To the world, Willy Burgdorfer will always be remembered as the scientist who discovered the cause of Lyme disease.
In Hamilton, the former Rocky Mountain Laboratories scientist will be remembered as a patient and kind mentor to the researchers who followed in his footsteps, as well as a community member always willing to share his time through the Kiwanis and his church.
Burgdorfer died in Hamilton on Monday at the age of 89.
Born and educated in Switzerland, Burgdorfer joined the RML research team in Hamilton in 1951. Over a career that spanned 35 years, he studied a variety of tick-borne disease agents and authored over 200 scientific publications.
In 1982, his discovery of the bacterium that causes Lyme disease rocked the scientific world.
Lyme disease was first recognized as a serious health problem in 1975 after scores of children developed juvenile rheumatoid arthritis near the small town of Lyme, Connecticut. Researchers focused their attention on deer ticks as a potential carrier of the disease, but no one could solve the mystery of what caused the disease.
On the other side of the country at the Hamilton laboratory, Burgdorfer was working to help a fellow researcher find the cause of an outbreak of a totally different tick-borne disease called spotted fever that had occurred in New York in the early 1970s.
While studying deer ticks sent from New York in hopes of uncovering the cause of the spotted fever outbreak, Burgdorfer found the long, coiled microorganisms called spirochetes that would prove to be the cause of Lyme disease.
The spirochete was later named Borrelia burgdorferi in honor of Burgdorfer.
Retired RML researcher and friend Tom Schwan said Burgdorfer would call his most famous discovery “serendipity.”
That discovery – which was made while looking for something totally different – is a testament to Burgdorfer’s abilities as an “outstanding scientist,” Schwan said.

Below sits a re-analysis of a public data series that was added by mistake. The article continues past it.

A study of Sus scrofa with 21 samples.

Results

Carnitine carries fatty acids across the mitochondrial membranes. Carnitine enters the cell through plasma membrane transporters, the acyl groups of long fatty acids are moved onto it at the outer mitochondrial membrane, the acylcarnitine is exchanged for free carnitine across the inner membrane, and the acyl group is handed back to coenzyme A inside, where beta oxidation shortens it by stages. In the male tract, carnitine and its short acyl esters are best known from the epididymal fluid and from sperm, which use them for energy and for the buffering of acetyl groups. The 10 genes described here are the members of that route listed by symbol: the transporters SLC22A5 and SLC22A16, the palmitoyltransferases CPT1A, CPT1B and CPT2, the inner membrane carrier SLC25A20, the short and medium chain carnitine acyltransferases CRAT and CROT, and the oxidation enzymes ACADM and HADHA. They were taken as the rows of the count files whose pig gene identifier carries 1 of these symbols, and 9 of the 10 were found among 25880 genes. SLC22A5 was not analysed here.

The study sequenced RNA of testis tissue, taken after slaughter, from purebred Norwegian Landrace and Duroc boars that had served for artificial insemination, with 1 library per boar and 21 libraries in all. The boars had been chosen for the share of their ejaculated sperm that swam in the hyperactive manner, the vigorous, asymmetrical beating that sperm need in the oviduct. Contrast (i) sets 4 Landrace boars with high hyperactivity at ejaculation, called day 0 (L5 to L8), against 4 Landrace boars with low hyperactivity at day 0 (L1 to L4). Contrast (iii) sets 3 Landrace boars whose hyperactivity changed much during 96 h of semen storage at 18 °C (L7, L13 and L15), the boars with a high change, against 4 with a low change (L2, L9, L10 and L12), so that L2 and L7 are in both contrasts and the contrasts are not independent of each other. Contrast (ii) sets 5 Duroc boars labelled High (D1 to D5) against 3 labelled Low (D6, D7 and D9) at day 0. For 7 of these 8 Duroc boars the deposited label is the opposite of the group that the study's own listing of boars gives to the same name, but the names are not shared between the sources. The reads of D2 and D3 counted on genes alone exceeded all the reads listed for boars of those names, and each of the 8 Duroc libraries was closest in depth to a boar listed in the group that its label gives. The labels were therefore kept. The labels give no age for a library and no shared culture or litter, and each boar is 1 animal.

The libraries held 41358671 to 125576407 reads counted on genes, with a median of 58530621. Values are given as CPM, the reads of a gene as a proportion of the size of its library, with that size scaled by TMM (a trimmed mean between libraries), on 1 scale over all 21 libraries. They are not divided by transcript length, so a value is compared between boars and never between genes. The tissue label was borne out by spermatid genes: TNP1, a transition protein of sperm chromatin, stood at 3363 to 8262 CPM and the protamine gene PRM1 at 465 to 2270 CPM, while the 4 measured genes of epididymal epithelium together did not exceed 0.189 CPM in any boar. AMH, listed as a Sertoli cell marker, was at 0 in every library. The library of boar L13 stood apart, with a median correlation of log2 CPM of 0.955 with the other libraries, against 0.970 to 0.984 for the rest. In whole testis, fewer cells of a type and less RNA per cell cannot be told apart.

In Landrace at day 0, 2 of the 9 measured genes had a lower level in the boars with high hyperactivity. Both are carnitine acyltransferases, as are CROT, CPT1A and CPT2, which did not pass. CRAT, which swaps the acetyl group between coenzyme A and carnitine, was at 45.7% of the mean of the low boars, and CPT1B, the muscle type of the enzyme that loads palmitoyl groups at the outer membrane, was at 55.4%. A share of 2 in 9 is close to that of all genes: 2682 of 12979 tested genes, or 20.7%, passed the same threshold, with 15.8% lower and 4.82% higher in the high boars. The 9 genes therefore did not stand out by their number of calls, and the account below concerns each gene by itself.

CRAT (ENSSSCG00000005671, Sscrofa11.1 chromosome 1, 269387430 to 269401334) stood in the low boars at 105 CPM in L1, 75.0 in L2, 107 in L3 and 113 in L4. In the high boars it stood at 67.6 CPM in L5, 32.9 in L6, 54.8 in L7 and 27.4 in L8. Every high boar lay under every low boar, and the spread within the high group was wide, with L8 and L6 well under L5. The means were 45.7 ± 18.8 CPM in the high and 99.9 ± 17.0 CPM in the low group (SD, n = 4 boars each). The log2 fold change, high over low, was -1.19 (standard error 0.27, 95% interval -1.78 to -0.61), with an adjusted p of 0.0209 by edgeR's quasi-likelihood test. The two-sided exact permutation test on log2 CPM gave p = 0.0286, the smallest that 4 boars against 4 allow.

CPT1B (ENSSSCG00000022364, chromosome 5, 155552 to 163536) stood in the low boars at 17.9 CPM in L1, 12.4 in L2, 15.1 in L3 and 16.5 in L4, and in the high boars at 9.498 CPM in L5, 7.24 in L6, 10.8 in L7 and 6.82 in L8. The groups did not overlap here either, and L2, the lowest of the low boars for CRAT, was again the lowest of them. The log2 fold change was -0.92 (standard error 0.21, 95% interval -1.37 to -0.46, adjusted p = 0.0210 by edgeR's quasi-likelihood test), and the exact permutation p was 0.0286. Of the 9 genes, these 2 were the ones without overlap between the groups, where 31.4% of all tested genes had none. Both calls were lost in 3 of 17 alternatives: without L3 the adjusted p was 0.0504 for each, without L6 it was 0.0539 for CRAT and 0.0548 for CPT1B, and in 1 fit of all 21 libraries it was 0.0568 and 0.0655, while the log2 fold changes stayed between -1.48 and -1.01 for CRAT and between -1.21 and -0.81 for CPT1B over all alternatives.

Schwan first met Burgdorfer in 1983 when the RML scientist was speaking at the first international conference on Lyme disease at Yale. They met again at the university the next year.
In 1986, Burgdorfer was on the team who interviewed Schwan for a job at RML. It was the same year that Burgdorfer retired.
Burgdorfer was provided emeritus status at the laboratory following his retirement and continued to work with many of the young up-and-coming scientists there.
“He took me under his wing,” Schwan remembered. “He helped me learn a lot of things that I used throughout my career. To me, he was wonderful.
“He shared his scientific knowledge. He was very patient to work with. He would sit down with me and help me plan out experiments … and he was always interested in having me meet his colleagues.
“He just made me feel like he had my best interests at heart,” Schwan said.
Burgdorfer also made sure that his young colleague found time to be part of his community.
“He introduced me to the Kiwanis,” Schwan said. “He was a longtime member of the Kiwanis. Very soon after I came here, he said: ‘Hey, Tom. You would be good for the Kiwanis. It would be a good place for you to be able help your community.’ ”
Burgdorfer was very active in that organization and was instrumental in helping it form a youth soccer program that’s still active today.
“He had a great career,” he said. “He always treated other people as a gentleman. I will certainly miss him.
“It’s kind of like knowing that even though you don’t get into the mountains every day, it’s nice to know that they are there,” Schwan said. “It’s always been nice to know that Willy is just down the street. He’s going to be missed by a lot of people.”
Reporter Perry Backus can be reached at email@example.com.